WINTER 2004 / VOLUME 9, NUMBER 2

Second Chances

Sarah Trembley '01 Journeys
from Teenage Motherhood to Veterinary Pathology

For Sarah Trembley '01, life looked pretty bleak when, at age 15, she became pregnant and dropped out of high school to raise her baby daughter Jasmine. No one in her family had ever been to college; as a teenage unwed mother, she didn't expect to buck that trend. After the birth of her second child, Savannah, two years later, she realized that if she was to provide a good life for her children, she would need to continue her education.

This year, Trembley is finishing veterinary school at Michigan State University. She not only loves animals, but has a passion for veterinary pathology and plans to do postdoctoral work in that field next year. Veterinary pathology, according to Trembley, has enormous implications for public health worldwide. "Most human diseases are zoonotic, that is, animal based," Trembley said. "Emerging diseases such as SARS, monkey pox, and the flu we usually get, are believed to have been contracted from animals. Bioterrorism also involves the threat of many animal-based diseases."

Trembley might not be where she is today without the support of the Frances Perkins (FP) program at Mount Holyoke. Now in its twenty-fifth year, the program was named for 1902 alumna Frances Perkins, a lifelong champion of women's and children's rights, who became secretary of labor under Franklin D. Roosevelt. The program provides opportunities for nontraditional- age women to attend college later in their lives. After receiving her G.E.D., Trembley attended Springfield Technical Community College (STCC). With a nearly perfect GPA, in 1998 she earned an associate's degree and a host of impressive academic honors. She wanted to transfer to a four-year institution, and one of her STCC professors suggested that she apply to the FP program.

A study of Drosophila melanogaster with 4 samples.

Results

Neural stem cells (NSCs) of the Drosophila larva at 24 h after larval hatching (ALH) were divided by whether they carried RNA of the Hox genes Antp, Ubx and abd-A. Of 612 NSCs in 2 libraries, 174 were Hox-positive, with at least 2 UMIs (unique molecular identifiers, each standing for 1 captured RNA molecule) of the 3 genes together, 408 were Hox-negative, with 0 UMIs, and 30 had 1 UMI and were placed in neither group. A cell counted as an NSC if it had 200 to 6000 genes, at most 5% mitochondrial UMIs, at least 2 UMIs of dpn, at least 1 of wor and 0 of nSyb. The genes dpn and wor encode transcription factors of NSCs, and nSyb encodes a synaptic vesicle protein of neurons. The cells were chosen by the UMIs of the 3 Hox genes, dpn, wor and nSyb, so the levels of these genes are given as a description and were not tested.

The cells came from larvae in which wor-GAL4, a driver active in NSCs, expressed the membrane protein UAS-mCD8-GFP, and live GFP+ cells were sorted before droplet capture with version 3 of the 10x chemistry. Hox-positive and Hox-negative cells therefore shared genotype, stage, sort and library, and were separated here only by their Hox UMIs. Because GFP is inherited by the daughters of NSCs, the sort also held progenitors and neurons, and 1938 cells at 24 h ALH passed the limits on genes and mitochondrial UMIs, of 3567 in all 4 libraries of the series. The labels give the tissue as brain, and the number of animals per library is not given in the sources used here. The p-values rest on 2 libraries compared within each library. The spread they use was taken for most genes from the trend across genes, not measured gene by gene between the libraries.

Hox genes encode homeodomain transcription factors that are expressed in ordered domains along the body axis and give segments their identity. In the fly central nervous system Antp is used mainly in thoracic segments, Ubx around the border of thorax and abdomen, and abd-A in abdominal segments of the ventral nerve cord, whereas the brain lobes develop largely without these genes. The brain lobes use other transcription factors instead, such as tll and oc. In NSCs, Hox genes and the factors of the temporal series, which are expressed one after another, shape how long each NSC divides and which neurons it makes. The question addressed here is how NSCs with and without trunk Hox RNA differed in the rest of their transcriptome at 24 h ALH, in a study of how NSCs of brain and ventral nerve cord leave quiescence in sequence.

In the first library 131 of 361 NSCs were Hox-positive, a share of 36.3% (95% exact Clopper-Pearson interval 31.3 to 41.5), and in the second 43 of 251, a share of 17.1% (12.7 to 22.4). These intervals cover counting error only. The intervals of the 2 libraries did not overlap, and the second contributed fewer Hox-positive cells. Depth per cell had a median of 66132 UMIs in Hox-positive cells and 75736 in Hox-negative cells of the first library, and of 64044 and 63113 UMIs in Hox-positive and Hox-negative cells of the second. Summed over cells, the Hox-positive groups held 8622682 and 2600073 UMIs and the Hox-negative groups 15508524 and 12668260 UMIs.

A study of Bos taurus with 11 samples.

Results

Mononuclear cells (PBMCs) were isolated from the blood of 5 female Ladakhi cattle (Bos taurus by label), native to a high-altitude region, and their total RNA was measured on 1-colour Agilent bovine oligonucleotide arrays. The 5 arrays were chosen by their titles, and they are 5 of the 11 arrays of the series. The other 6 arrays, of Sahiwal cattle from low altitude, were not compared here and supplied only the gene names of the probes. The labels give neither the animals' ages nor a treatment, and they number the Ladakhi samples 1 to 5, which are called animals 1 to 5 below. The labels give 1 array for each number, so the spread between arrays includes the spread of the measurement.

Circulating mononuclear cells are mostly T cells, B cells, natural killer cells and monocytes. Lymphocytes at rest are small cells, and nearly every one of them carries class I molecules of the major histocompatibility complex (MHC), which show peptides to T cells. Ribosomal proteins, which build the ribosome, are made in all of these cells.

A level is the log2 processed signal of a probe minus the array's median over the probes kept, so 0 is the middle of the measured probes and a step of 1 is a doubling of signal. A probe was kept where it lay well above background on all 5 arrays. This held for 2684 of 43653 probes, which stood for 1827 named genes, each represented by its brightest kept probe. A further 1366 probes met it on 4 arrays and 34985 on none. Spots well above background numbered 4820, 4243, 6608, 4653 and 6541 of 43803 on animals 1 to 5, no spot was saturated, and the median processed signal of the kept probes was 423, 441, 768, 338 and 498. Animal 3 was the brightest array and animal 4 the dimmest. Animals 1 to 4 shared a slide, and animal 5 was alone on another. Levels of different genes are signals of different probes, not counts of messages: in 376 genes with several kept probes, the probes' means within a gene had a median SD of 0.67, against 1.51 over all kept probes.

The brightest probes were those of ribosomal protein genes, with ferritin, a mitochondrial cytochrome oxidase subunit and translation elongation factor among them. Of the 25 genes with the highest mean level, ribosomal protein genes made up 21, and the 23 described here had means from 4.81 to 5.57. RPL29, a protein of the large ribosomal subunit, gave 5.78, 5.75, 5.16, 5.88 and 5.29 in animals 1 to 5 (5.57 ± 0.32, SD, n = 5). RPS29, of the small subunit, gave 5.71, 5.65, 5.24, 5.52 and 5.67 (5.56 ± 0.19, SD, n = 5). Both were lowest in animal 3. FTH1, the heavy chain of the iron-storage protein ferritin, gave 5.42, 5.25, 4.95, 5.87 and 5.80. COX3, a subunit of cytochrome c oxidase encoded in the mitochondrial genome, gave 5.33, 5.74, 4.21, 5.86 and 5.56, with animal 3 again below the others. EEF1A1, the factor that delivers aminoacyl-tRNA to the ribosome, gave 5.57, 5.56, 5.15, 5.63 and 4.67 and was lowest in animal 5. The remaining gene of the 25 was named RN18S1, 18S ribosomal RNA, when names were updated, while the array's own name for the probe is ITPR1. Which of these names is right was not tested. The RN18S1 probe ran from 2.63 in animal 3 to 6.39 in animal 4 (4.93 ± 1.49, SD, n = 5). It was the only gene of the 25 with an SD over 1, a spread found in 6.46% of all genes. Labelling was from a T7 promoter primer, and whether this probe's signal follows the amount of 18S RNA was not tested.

Starting out at Mount Holyoke was not easy, said Trembley. With two young children and a job as a cashier at a gas station in Holyoke, she barely had time to sleep. "First semester was overwhelming," she recalled. "I did horribly. There were no more multiple-choice tests. Writing was really hard for me." She received crucial support from the FP staff, fellow students, and professors. She recalled the words of Mark McMenamin, professor of geology and chair of the earth and environment department: "You can do this! Don't ever let anyone tell you you can't."

Trembley majored in biology and minored in geology. "MHC prepared me well," she said. "I learned to think for myself, look up things on my own. I excelled in the basic science classes at vet school. The College and FP program had to ability to push you slowly. My honors thesis started out as a small, three-credit project. My advisers said, 'Maybe you could turn this into something bigger.' They were supportive; they believed in me."

The MHC community supported not only Trembley's academic work, but also her family. "I was amazed by how everyone welcomed my kids with open arms," Trembley said. "It was wonderful. I am still so thankful for that."

Looking back on her Mount Holyoke experience, Trembley is particularly struck by the College's acceptance of diversity. "When I first got to Mount Holyoke, I was concerned I wouldn't fit in. Pretty soon I realized that no one looked down on me because of my background. There were women from all over, every size, shape, and color. People's expectations of me were the same as for the other students."

FP director Kay Althoff takes great pride in students like Trembley. For her, they represent how dramatically the program affects individual lives. "I hope other young mothers learn about her and realize there is hope," Althoff said.